Bin Laden Kill: Independents Still Not Sold on Obama
Why has Obama's post-bin Laden bounce been so limited, especially among Independents? Doug Schoen, analyzing the new Newsweek/Daily Beast poll, finds an answer in Thursday's jobless jump.
Why has President Obama's post-Bin Laden bounce been so limited, especially among Independents? Douglas Schoen, analyzing the new Newsweek/Daily Beast poll, finds an answer in Thursday's jobless jump.
Despite the fact that the president traveled to ground zero Thursday to celebrate the successful elimination of Osama bin Laden, the most significant political development that day was not this highly publicized visit to New York City, but rather the release of the new jobless numbers showing that the number of newly unemployed had jumped to 474,000—underscoring the real and fundamental political problem he faces.
That problem is the economy and his management of it, which is the top issue facing the country and on which he draws decidedly negative ratings, notwithstanding the goodwill he has generated with the successful raid in Abbottabad.
President Obama received no immediate approval bump from the bin Laden kill, according to the new Newsweek/Daily Beast poll, though the subsequent days may have produced a smallish increase. The Gallup poll released on Thursday shows a six-point increase in Obama's job approval, and the Real Clear Politics average shows a four-point bounce in Obama's job approval rating.
And a detailed examination of the Newsweek/Daily Beast numbers show that while Americans accord recognition for what Obama accomplished with the raid, and believe he has been a strong leader, this opportunity to provide leadership is not a validation of his presidency in and of itself.
This is specifically true among the group most important to him: Independents, 66 percent say the economy is headed in the wrong direction, and two-thirds say that the country is on the wrong track. Over half (52 percent) say Obama is a strong leader overall, but only 32 percent of Independents say that President Obama deserves re-election, while half say it is time to replace him with someone else. And 78 percent of Independents say that news that U.S. forces killed bin Laden has had no impact on their opinion of the president, while only 19 percent say it has made them more favorable.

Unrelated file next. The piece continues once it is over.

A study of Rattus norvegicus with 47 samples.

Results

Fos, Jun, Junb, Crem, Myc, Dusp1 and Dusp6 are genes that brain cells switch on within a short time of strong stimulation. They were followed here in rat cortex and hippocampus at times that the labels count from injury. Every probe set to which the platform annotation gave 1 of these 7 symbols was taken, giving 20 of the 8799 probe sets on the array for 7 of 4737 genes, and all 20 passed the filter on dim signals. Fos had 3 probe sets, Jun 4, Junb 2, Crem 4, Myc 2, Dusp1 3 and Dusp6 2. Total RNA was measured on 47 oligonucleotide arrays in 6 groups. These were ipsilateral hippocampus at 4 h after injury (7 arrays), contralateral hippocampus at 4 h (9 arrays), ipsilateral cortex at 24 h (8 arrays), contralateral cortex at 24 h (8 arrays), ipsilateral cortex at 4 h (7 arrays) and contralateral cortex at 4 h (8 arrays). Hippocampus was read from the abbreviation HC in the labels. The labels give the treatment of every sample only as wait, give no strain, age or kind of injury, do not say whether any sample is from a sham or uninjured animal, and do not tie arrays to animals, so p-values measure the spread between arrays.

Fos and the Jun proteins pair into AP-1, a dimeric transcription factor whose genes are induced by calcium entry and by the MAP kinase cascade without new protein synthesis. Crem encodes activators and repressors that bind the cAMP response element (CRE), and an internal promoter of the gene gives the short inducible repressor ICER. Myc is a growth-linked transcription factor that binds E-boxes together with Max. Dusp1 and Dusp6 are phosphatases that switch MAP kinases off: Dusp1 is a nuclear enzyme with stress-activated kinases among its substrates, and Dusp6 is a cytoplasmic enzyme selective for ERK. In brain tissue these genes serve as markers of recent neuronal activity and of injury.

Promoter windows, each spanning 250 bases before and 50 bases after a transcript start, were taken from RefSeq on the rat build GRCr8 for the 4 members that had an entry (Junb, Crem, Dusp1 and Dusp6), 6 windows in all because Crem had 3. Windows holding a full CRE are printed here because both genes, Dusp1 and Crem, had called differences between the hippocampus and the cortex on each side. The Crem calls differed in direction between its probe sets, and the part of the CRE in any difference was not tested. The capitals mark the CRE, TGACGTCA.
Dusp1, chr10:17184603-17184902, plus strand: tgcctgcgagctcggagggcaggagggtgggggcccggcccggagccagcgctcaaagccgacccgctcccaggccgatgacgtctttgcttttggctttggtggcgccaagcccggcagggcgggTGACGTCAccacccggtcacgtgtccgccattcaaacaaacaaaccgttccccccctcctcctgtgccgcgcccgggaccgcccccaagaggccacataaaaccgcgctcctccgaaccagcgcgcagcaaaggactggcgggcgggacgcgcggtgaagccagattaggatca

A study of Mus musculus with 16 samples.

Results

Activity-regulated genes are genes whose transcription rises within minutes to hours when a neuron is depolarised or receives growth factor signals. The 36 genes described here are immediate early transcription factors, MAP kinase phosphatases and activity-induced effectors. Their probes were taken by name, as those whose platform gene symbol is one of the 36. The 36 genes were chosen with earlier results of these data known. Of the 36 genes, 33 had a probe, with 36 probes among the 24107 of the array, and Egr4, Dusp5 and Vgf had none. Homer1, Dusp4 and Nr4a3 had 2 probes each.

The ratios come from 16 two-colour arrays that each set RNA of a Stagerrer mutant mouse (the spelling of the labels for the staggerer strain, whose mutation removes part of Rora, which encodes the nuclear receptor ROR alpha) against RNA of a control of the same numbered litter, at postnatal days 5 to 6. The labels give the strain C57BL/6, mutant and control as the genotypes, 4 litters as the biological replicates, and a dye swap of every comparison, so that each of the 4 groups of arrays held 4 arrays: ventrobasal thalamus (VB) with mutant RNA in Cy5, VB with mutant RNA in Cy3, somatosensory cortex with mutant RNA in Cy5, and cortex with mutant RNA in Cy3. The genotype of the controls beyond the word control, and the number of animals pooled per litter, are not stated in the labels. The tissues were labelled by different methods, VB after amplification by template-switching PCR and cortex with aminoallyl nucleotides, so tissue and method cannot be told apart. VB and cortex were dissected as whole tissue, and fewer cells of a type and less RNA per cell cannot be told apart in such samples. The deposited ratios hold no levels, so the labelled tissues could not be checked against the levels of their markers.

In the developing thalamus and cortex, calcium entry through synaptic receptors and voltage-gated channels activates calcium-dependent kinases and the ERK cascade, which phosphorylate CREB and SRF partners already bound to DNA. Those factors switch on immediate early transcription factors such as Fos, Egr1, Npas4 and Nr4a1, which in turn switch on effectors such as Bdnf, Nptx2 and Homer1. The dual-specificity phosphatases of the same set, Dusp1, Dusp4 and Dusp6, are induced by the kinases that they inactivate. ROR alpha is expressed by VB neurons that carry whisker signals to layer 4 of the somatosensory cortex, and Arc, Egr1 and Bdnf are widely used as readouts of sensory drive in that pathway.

The president has the opportunity to take advantage of the enormous amount of goodwill that has been generated by this event to fill the void that has been left by the Republicans.
Those Independent numbers are worse than American perception overall. Americans disapprove of Obama's handling of the economy by 56 percent to 39 percent, and they say the country is on the wrong track rather than heading in the right direction, 59 percent to 27 percent, according to our poll.
To be sure, the president garners justifiably high ratings for leadership generally and specifically on the war on terror, as 55 percent say Obama is a strong leader overall and over 60 percent see him as a leader in the War on Terror. But implications of this for the 2012 election are clear. The fact that the president got just a modest bounce in his job approval and saw no fundamental change in his overall ratings, even while six in 10 say they are more likely to vote for him because of bin Laden's killing, indicates the profound disquiet American voters feel with current economic circumstances.
The president must now use the leadership he demonstrated in taking down bin Laden to take on fiscal issues and the economy, where the opportunity to show leadership is greatest and most important. And there is no group that is more important to show this leadership to than those Independents.
The Newsweek/Daily Beast poll shows that the Republicans are largely discredited. Paul Ryan's budget plan and the GOP leadership in the House are highly unpopular. Given that the GOP field has yet to take shape and Donald Trump is completely discredited, the president has the opportunity to take advantage of the enormous amount of goodwill that has been generated by this event to fill the void that has been left by the Republicans.
Osama bin Laden's killing is not a game changer. Rather, it is a profound opportunity for the president to show leadership not only in international affairs, but on vexatious domestic issues which are of paramount importance to American people.
If the president can translate the goodwill he has garnered into leadership on the budget, the deficit, and the debt, he can turn a bounce much smaller than most expected into a lasting political benefit. Short of that, while the expression of enthusiasm for Obama's Osama achievement is real, tangible, and part of his legacy, it just may not help re-elect him in 2012.
Douglas Schoen is a political strategist and author of the upcoming book Mad as Hell: How the Tea Party Movement is Fundamentally Remaking Our Two-Party System to be published by Harper, an imprint of HarperCollins on September 14. Schoen has worked on numerous campaigns, including those of Bill Clinton, Hillary Clinton, Michael Bloomberg, Evan Bayh, Tony Blair, and Ed Koch.